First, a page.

Other Free Encyclopedias » Medicine Encyclopedia » Aging Healthy - Part 4 » Status of Older People: Tribal Societies - Longevity, The Cultural Construction Of Elders And Older Adulthood, Gender And Age, Old Age In Myth And Folklore

Status of Older People: Tribal Societies - Gender And Age

women authority adult silverman

Despite the strong male dominance in many tribal societies, some authors have begun to document a pattern of positive changes of role, power, and status by women as they pass into the middle and later adult years. These occur when women enter their postreproductive phase, and culminate when mastery of the domestic sphere is complete—as marked by control of the daughter-in-law and other adult female kin, influence over married sons and their children, greater authority over life-cycle ritual, and the gradual withdrawal of a woman’s older spouse out of his public domain and into her hearth-centered life. As P. Silverman notes, ‘‘even in male dominated societies, like the Comanche in North America, the Mundurucu of South America and the Ewe of West Africa, women who have reached menopause fill important decision-roles otherwise restricted to men’’ (Silverman, 1987, p. 335). While some theorists have stressed the cultural turning points linked to procreative and family cycles, others have suggested that universal intrapsychic personality development best explains the frequent reversals observed among older adults (Gutmann). A classic description of this process is provided by Kaberry in an early anthropological study of Australian aboriginal women:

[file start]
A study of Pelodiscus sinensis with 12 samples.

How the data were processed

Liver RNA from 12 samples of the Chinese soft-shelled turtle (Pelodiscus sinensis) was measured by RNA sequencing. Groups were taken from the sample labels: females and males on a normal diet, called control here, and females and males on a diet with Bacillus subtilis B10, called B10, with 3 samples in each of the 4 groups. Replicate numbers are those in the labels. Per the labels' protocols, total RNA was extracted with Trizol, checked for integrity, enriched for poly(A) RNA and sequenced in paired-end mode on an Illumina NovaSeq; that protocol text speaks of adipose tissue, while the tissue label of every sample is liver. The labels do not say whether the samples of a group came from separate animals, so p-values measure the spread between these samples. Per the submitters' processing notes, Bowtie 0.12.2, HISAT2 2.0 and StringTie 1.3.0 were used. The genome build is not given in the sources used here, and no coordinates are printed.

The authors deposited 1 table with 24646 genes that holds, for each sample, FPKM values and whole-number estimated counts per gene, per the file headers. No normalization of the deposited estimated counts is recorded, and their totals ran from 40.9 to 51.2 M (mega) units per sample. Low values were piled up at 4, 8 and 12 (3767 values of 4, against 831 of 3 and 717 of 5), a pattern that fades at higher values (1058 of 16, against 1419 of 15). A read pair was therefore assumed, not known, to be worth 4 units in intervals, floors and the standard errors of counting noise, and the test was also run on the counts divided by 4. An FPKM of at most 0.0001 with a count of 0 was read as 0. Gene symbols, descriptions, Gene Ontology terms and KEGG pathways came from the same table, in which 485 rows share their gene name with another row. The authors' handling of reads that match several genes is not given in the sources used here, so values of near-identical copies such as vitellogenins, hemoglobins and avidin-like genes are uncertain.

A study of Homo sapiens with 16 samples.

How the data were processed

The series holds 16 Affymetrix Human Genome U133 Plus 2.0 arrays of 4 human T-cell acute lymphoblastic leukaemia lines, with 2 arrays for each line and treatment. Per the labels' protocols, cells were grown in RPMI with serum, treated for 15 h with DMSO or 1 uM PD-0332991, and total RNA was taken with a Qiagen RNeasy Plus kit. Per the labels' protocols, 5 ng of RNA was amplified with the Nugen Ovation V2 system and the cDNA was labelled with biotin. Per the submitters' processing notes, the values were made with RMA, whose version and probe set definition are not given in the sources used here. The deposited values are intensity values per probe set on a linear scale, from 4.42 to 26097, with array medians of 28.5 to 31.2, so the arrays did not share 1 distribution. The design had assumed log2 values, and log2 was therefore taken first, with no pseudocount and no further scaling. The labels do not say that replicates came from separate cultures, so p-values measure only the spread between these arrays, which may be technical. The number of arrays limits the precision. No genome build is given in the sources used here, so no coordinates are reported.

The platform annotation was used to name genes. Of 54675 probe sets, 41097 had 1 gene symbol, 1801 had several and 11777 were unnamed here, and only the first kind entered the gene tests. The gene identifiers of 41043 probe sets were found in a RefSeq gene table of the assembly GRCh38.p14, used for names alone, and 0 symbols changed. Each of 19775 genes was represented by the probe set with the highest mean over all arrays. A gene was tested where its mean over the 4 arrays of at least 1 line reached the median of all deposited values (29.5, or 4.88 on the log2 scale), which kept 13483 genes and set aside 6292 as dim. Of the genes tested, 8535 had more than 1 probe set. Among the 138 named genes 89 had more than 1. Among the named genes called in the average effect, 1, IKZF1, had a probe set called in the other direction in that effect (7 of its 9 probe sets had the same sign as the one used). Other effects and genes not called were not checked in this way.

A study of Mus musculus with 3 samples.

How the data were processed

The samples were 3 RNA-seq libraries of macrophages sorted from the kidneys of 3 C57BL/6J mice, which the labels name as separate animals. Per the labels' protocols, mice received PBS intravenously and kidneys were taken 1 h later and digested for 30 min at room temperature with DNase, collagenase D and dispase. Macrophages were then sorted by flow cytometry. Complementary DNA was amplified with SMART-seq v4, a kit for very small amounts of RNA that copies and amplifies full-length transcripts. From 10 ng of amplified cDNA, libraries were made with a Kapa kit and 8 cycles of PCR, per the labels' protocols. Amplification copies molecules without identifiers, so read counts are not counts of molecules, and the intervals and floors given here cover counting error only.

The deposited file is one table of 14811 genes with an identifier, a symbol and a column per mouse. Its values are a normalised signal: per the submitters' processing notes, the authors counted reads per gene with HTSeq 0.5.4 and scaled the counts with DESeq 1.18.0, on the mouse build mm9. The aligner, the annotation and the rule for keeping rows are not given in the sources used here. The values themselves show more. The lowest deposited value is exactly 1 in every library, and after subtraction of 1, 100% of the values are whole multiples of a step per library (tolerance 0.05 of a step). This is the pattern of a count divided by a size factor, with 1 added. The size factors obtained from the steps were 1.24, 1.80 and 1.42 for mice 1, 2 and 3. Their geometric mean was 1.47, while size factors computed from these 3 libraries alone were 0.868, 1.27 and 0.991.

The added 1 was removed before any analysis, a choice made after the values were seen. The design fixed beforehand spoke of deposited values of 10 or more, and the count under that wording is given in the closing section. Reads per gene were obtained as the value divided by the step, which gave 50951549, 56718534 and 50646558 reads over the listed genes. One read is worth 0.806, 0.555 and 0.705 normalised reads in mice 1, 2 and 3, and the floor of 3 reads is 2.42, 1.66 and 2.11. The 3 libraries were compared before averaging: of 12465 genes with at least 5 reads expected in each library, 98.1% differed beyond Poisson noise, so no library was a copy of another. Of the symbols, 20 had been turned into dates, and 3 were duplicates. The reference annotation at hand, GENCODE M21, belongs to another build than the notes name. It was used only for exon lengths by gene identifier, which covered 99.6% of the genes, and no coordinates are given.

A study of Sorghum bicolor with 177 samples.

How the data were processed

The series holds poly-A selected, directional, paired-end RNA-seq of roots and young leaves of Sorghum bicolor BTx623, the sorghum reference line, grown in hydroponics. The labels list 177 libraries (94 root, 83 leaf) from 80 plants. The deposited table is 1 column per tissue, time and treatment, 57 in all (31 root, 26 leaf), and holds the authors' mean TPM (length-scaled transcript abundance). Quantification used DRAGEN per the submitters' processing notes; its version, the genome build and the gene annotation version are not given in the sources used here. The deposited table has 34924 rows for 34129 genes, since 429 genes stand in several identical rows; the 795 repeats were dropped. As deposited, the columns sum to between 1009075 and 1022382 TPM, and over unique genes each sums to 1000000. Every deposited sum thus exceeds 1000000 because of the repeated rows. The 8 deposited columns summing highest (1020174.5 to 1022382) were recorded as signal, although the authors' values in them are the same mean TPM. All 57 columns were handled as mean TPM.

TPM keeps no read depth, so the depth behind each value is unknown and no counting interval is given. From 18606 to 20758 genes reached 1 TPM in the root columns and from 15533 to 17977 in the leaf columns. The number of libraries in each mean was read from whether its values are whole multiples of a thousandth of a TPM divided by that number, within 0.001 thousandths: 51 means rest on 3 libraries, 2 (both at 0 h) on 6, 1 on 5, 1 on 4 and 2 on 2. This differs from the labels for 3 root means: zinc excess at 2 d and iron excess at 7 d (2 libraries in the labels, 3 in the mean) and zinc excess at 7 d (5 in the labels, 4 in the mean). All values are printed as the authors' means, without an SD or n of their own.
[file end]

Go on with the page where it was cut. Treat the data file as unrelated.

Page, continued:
As the women become older they often assume more authority, become more assertive, tender their advice more frequently and interfere where the activities of any of their kindred are likely to run contrary to the tribal law. On the other hand, when anger mounts high and threatens the peace, even safety of others in the camp, they take the initiative in stemming the disputes and temporarily establishing order again. Amidst the shouting, the barking of dogs, the voice of an old woman will make itself heard above the uproar as she harangues men and women impartially (Kaberry, 1937, p. 181).